Matt Woodley


5/08/2021 3:14:10 PM

The funding includes $254.4 million to address the life expectancy gap via infrastructure upgrades to Aboriginal Medical Services.

Pat Turner with Scott Morrison
Lead Convener of the Coalition of Peaks Pat Turner met with Prime Minister Scott Morrison.

The allocation was announced alongside the first Commonwealth Closing the Gap Implementation Plan, which aims to chart the way towards achieving targets laid out in the National Agreement over the coming decade.
 
Pat Turner, Lead Convener of the Coalition of Peaks, said the announcement shows ‘what can be achieved’ when Aboriginal and Torres Strait Islander community-controlled leaders are given the opportunity to collaborate with governments.
 
‘Today is another step forward under the historic partnership between the Coalition of Peaks and Australian governments,’ she said.
 
‘We are pleased that the Commonwealth’s Implementation Plan invests more than $1 billion to support implementation of the Priority Reforms and help close gaps across the socioeconomic areas targeted in the National Agreement.
 
‘The investment includes some very significant initiatives important to our peoples and to our wellbeing, like the breakthrough in providing reparations to survivors of the Stolen Generations in territories which the Commonwealth was historically responsible for – long called for but long denied until now.’
 
The plan stems from an agreement made last year by all Australian governments to commit to 17 new targets aimed at improving the lives of Aboriginal and Torres Strait Islander people, after the previous Closing the Gap scheme failed.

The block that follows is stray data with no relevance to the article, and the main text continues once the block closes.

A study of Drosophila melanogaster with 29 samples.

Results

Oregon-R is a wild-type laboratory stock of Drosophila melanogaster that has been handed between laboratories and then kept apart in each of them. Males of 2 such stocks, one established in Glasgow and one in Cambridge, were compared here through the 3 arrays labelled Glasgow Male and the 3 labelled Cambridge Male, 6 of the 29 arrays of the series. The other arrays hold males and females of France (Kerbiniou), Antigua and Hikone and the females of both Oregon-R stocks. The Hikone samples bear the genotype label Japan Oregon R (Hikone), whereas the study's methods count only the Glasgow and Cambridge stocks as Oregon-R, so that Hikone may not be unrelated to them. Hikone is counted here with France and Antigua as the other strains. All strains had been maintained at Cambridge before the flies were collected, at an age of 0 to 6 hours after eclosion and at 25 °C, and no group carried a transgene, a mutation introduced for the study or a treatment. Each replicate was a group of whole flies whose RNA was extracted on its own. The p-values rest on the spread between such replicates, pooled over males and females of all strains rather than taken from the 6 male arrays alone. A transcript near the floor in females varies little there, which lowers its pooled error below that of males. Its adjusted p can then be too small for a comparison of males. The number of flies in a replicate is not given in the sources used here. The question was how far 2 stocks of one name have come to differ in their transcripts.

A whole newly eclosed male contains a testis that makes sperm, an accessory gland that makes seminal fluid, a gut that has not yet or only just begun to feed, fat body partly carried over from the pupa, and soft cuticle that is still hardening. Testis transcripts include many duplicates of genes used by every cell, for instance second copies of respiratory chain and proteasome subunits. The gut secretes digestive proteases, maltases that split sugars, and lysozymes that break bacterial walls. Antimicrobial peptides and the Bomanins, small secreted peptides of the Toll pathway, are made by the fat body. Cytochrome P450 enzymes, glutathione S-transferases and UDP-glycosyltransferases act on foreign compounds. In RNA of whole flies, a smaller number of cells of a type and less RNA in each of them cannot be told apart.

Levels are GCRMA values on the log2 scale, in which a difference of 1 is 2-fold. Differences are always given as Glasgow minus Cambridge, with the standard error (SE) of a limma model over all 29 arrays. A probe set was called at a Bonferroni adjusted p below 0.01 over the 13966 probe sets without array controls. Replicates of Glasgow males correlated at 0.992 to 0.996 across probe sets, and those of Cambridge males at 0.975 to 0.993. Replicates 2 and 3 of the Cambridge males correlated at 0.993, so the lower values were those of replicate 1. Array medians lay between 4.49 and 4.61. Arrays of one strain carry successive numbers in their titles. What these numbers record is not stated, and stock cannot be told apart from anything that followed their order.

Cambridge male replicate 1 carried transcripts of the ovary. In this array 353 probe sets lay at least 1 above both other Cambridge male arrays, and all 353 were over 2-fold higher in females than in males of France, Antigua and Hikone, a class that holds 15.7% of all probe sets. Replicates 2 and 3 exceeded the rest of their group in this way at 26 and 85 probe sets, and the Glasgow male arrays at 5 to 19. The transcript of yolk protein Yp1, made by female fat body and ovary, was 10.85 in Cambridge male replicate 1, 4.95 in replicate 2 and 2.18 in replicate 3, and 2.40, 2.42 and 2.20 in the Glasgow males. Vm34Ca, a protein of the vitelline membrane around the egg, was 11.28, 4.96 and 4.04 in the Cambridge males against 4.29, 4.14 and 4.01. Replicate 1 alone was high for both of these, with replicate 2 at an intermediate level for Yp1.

More than $378 million has been earmarked to support the ‘healing and wellbeing’ of around 3600 Stolen Generations survivors who were removed from their families, in an effort to positively impact their health and the intergenerational healing of their families and communities.
 
Meanwhile, $254.4 million will be spent on upgrading health services infrastructure for Aboriginal Community Controlled Health Organisations (ACCHOs), and for early childhood support and schooling.
 
Minister for Indigenous Australians Ken Wyatt said the funding will allow the ACCHOs to continue undertaking critical work ‘on their terms’.
 
‘This first Commonwealth Implementation Plan sets a foundation for our efforts in achieving the targets in the National Agreement over the coming decade,’ Minister Wyatt said.
 
‘We will report on our progress each year, and the plan will be updated at the same time in partnership and based on evidence and data. This will keep us accountable and ensure we are aligned with the priorities of the people it affects most.
 
‘Progress and change are not a Commonwealth responsibility alone and all parties are responsible for delivering on the commitments in the National Agreement. States and territories are delivering their own implementation plans, and together with the Commonwealth’s Plan detail a full picture of the national effort being delivered under the partnership.
 
‘All parties to the National Agreement are deeply committed to working together with a determination to forge a better future for Aboriginal and Torres Strait Islander Australians.’
 
Ms Turner said ‘meaningful engagement’ is required at all jurisdictions, not just the federal level, in order to create a genuine partnership that advances the quality of outcomes that emerge from the plan.
 
‘We look forward to working with the Commonwealth to making sure that funding is delivered consistent with the Priority Reforms in the National Agreement, where programs and services will be developed in partnership with our peoples and where funding will be delivered through our community-controlled organisations,’ Ms Turner said.
 
‘We have a long way to go to seeing improvements in the lives of our peoples across the country and for the gap in life outcomes to be closed, but today is an important step forward in making this a reality.’
 
Other health funding allocations contained in the plan include $66 million for strengthening Aboriginal and Torres Strait Islander alcohol and other drugs treatment services, and support for the Healthy Mums Healthy Bubs initiative, which will see $45 million go towards the delivery of primary healthcare, including maternal and antenatal care services.